Boeing has quietly rolled out the first 737 MAX 10, the biggest member of the 737 MAX family.
During an event at its Renton, Washington, factory on Friday, Boeing showcased the newest and largest member of the 737 MAX family to employees. The 737 MAX 10 is 1.64m (64 inches) longer than the 737 MAX 9 and can accommodate ten additional passengers with a maximum capacity of 230 seats.
As the type is the longest variant of the 737 to be produced, Boeing has made some modifications to the aircraft. The biggest change is a modified and telescopic main landing gear which decreases the risk of a tail strike on takeoff and landing. There were also minor changes made to the CFM Leap 1-B engine and the wings.
The Boeing 737 MAX 10 was originally launched at the Paris Air Show 2017, with United Airlines having placed the largest order of the type after it converted 100 737 MAX 9 orders to the larger MAX 10. Other customers include TUI, Lion Air VietJet Air and flyDubai. So far, Boeing has secured over 550 orders and commitments for the 737 MAX 10, the manufacturer states.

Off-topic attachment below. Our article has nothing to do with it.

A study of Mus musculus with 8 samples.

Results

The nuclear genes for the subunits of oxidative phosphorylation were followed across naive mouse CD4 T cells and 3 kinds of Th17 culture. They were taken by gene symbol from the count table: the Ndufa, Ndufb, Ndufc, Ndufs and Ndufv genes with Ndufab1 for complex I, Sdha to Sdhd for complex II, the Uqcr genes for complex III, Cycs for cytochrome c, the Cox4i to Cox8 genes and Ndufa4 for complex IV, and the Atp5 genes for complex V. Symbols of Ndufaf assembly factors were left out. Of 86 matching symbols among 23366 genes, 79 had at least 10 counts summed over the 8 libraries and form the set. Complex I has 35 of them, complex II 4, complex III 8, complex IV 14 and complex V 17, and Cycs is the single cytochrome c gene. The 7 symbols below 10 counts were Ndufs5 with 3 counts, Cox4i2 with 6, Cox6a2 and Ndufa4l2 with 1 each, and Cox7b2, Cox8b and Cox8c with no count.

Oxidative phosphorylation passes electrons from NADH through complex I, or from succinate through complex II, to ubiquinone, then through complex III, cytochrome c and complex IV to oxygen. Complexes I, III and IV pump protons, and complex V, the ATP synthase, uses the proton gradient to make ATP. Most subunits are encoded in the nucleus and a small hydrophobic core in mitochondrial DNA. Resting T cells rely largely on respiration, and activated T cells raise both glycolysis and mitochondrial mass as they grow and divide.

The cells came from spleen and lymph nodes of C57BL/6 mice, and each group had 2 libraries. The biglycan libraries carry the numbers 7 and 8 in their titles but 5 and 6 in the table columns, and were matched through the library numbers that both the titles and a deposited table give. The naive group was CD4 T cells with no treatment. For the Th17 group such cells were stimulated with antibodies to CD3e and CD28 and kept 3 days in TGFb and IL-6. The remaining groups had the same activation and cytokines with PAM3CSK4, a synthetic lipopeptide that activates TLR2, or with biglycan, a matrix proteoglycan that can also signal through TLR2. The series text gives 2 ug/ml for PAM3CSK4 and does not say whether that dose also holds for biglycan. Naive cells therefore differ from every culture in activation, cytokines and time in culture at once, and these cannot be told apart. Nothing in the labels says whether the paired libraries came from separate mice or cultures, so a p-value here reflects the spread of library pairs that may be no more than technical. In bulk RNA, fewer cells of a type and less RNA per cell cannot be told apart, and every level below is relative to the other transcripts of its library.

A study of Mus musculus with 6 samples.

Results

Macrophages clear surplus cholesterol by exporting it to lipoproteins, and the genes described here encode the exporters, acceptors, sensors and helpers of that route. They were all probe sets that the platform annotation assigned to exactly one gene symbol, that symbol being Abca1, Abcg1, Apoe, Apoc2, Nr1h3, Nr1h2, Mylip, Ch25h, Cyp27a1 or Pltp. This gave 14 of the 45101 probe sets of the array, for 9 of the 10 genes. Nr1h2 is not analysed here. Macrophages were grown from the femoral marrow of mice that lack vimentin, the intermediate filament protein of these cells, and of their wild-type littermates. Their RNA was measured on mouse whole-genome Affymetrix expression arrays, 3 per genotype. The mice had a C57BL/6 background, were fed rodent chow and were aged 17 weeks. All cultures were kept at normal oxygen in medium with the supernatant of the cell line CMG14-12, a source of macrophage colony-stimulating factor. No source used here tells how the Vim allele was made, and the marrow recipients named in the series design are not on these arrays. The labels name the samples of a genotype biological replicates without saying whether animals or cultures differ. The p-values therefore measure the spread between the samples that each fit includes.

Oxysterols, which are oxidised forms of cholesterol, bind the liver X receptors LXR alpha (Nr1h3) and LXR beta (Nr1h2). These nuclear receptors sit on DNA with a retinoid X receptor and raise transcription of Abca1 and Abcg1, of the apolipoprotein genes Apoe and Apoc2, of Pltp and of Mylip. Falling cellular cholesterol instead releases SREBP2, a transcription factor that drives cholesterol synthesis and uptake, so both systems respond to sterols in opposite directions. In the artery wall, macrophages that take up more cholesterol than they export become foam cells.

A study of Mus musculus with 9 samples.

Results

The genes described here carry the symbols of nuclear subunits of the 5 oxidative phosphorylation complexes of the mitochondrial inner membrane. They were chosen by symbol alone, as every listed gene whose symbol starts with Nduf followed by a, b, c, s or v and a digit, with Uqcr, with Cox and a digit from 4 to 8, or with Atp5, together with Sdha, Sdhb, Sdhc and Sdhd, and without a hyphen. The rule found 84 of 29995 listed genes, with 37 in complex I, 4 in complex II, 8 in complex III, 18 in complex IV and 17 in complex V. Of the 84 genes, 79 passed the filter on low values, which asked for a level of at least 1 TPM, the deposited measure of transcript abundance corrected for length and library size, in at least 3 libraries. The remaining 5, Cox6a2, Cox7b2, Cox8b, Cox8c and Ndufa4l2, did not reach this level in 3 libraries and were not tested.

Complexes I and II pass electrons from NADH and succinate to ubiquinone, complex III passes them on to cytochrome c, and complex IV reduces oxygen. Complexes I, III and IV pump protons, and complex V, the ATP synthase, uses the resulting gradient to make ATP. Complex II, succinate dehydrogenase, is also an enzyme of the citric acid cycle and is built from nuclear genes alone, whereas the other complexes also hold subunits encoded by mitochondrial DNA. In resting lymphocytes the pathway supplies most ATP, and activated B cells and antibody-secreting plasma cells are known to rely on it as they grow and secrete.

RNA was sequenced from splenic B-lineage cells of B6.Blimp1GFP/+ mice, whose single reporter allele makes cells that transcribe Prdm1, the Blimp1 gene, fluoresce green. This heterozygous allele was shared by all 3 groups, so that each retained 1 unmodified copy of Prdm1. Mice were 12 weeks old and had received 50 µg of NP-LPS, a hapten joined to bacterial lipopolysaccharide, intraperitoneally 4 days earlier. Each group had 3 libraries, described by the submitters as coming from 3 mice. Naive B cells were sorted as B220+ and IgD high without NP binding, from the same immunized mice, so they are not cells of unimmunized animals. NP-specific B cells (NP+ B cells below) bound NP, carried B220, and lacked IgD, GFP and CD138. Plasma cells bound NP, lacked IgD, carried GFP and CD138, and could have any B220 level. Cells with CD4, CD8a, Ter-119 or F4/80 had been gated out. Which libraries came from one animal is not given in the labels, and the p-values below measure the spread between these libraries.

The MAX 10 is the final variant of the 737 MAX family to be rolled out, with the first flight of the type likely to happen in early 2020. Boeing hopes to deliver the first aircraft to a customer in the same year.
The 737 MAX family has been grounded worldwide by regulators since 13th March 2019, after the fatal accidents of Lion Air flight JT610 and Ethiopian Airlines flight ET302. Since the grounding, Boeing has suspended all deliveries of the aircraft and hundreds of completed aircraft remain in storage awaiting delivery to customers, as they continue to roll off the production line.
Most US operators of the type have currently suspended MAX operations until at least March 2020. With that in mind, it is possible to see the first 737 MAX 10 delivery to slip into 2021.
Jan-Hendrik is an aviation enthusiast from Germany, loves to travel the world and fly on as many aircraft as possible. His first flight was with a Condor 757 to Spain and has been interested in aviation ever since. His fields of expertise are aircraft accidents and passenger experience (PaxEx).